The family of late locked-in syndrome sufferer Tony Nicklinson and paralysed road accident victim Paul Lamb have lost their right-to-die challenges. The Court of Appeal upheld a ruling that Mr Nicklinson had not had the right to ask a doctor to end his life. His widow is planning a further appeal.
Mr Lamb who won a battle to join the Nicklinson case also plans to appeal.
But a third paralysed man won his case seeking clearer prosecution guidance for health workers who help others die.
The man, known only as Martin, wants it to be lawful for a doctor or nurse to help him travel abroad to die with the help of a suicide organisation in Switzerland. His wife and other family want no involvement in his suicide.
The Director of Public Prosecutions, who would be required to clarify his guidance, is seeking to appeal to the Supreme Court against the decision in Martin’s case.
‘Conscience of the nation’
In the Nicklinson and Lamb case, the decision centred on whether the High Court was right in originally ruling that Parliament, not judges should decide whether the law on assisted dying should change.
The three Court of Appeal judges unanimously dismissed Mrs Nicklinson and Paul Lamb’s challenge.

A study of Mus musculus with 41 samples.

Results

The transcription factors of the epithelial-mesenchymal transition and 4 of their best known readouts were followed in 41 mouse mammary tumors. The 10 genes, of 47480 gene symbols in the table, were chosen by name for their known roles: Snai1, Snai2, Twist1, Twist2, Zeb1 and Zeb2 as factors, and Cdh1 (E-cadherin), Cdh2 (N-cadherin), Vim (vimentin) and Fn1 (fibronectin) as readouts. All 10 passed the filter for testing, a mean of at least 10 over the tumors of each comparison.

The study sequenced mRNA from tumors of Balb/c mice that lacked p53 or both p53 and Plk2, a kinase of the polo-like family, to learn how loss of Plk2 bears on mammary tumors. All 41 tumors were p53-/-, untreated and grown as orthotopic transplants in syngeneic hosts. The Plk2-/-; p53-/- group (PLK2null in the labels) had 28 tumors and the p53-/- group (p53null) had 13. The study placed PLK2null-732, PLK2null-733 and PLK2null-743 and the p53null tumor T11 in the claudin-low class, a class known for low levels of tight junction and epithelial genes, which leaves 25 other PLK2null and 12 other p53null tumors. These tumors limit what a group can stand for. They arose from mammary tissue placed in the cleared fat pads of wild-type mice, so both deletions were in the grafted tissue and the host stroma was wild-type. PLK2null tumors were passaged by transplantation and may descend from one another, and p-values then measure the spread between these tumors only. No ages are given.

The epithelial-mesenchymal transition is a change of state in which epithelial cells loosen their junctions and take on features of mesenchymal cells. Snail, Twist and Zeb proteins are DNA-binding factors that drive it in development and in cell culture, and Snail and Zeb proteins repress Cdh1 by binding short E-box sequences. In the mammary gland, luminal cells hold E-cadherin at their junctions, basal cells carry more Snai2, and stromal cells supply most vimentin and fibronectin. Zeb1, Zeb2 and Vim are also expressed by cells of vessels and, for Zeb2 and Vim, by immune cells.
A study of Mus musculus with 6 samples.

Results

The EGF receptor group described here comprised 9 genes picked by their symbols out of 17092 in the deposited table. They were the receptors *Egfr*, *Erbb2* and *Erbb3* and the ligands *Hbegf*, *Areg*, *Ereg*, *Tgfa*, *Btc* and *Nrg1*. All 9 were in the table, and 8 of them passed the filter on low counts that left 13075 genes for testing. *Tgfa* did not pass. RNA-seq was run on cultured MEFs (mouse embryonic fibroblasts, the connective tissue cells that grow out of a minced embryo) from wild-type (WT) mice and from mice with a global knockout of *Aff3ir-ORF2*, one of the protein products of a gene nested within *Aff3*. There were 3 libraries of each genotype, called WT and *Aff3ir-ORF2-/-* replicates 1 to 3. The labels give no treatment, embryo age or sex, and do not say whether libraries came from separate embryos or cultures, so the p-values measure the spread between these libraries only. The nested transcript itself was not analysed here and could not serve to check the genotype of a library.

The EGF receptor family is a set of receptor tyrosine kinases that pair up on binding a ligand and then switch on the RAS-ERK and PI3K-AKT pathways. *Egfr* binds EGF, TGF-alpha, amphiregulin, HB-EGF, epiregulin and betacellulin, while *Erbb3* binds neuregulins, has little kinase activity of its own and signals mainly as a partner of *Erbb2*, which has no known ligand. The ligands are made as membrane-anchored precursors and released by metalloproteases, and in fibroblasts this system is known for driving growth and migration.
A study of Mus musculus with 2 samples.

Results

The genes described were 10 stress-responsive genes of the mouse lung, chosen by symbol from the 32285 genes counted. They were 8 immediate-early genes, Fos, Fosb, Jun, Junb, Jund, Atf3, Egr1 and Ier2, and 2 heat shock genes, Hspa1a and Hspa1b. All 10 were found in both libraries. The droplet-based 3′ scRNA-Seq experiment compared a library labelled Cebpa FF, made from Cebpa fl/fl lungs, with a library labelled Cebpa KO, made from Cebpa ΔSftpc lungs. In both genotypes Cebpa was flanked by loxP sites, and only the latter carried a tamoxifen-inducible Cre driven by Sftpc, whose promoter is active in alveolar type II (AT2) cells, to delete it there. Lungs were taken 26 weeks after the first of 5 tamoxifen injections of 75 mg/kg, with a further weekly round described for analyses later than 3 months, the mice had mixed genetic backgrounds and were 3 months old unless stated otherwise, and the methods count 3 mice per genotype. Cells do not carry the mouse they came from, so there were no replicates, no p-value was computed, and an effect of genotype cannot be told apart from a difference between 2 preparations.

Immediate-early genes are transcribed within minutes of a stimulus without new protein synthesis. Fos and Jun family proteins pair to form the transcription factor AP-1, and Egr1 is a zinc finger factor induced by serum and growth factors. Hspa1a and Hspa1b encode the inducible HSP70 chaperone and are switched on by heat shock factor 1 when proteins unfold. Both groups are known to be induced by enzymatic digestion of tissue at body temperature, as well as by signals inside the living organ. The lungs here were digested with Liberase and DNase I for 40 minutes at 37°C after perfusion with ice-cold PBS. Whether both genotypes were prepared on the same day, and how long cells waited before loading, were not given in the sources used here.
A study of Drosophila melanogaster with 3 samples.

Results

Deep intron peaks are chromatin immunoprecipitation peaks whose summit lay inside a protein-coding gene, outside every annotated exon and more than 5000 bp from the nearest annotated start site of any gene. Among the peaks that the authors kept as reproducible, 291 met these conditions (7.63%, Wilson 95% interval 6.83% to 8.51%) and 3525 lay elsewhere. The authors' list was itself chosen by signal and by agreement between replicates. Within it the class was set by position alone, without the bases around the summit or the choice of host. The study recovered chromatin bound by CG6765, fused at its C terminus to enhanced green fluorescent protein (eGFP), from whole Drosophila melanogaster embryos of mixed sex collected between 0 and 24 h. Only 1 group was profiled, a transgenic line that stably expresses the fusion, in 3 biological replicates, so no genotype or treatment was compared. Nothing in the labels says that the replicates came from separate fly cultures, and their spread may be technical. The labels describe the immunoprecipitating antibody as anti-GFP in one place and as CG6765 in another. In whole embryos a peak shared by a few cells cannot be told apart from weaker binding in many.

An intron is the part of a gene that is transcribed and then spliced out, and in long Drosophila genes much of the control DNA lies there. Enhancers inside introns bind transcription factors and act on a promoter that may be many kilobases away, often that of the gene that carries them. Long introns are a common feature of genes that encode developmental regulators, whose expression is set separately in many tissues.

In the judgement, the Lord Chief Justice Lord Judge said Parliament represented “the conscience of the nation” when it came to addressing life and death issues, such as abortions and the death penalty.
“Judges, however eminent, do not: our responsibility is to discover the relevant legal principles, and apply the law as we find it.”
Widow Jane Nicklinson told the BBC she was “very, very disappointed” by the ruling, but “not totally surprised”.
“They are not going to get rid of us that easily,” she said, as she explained she would be seeking permission to appeal to the Supreme Court.
She added that it was a very complicated legal matter.
“Although we lost, the legal team are quite pleased with the outcome – the appeal judges actually upheld a couple of points which the High Court rejected, which is a step forward.”
Mr Nicklinson died naturally at his home in Wiltshire last year.
Paul Lamb wanted the law changed so any doctor who helped him die would have a defence against the charge of murder.
The 57-year-old from Leeds has been almost completely paralysed from the neck down since a car accident 23 years ago and says he is in constant pain.
Dr Andrew Fergusson, of the Care not Killing campaign group, welcomed the Nicklinson and Lamb ruling, saying: “All three judges were very clear on legal, and I think ethical, grounds as well, that the law, if it’s to be changed, must be changed by parliament alone. The courts cannot do it.”
Geoffrey Robertson QC said: “The judges feel very sympathetic to people who are dying and want to speed their end – as everyone would.
“Judges, much as they would like to, can’t make the law conform with humanity if the law is clear and parliament hasn’t acted.”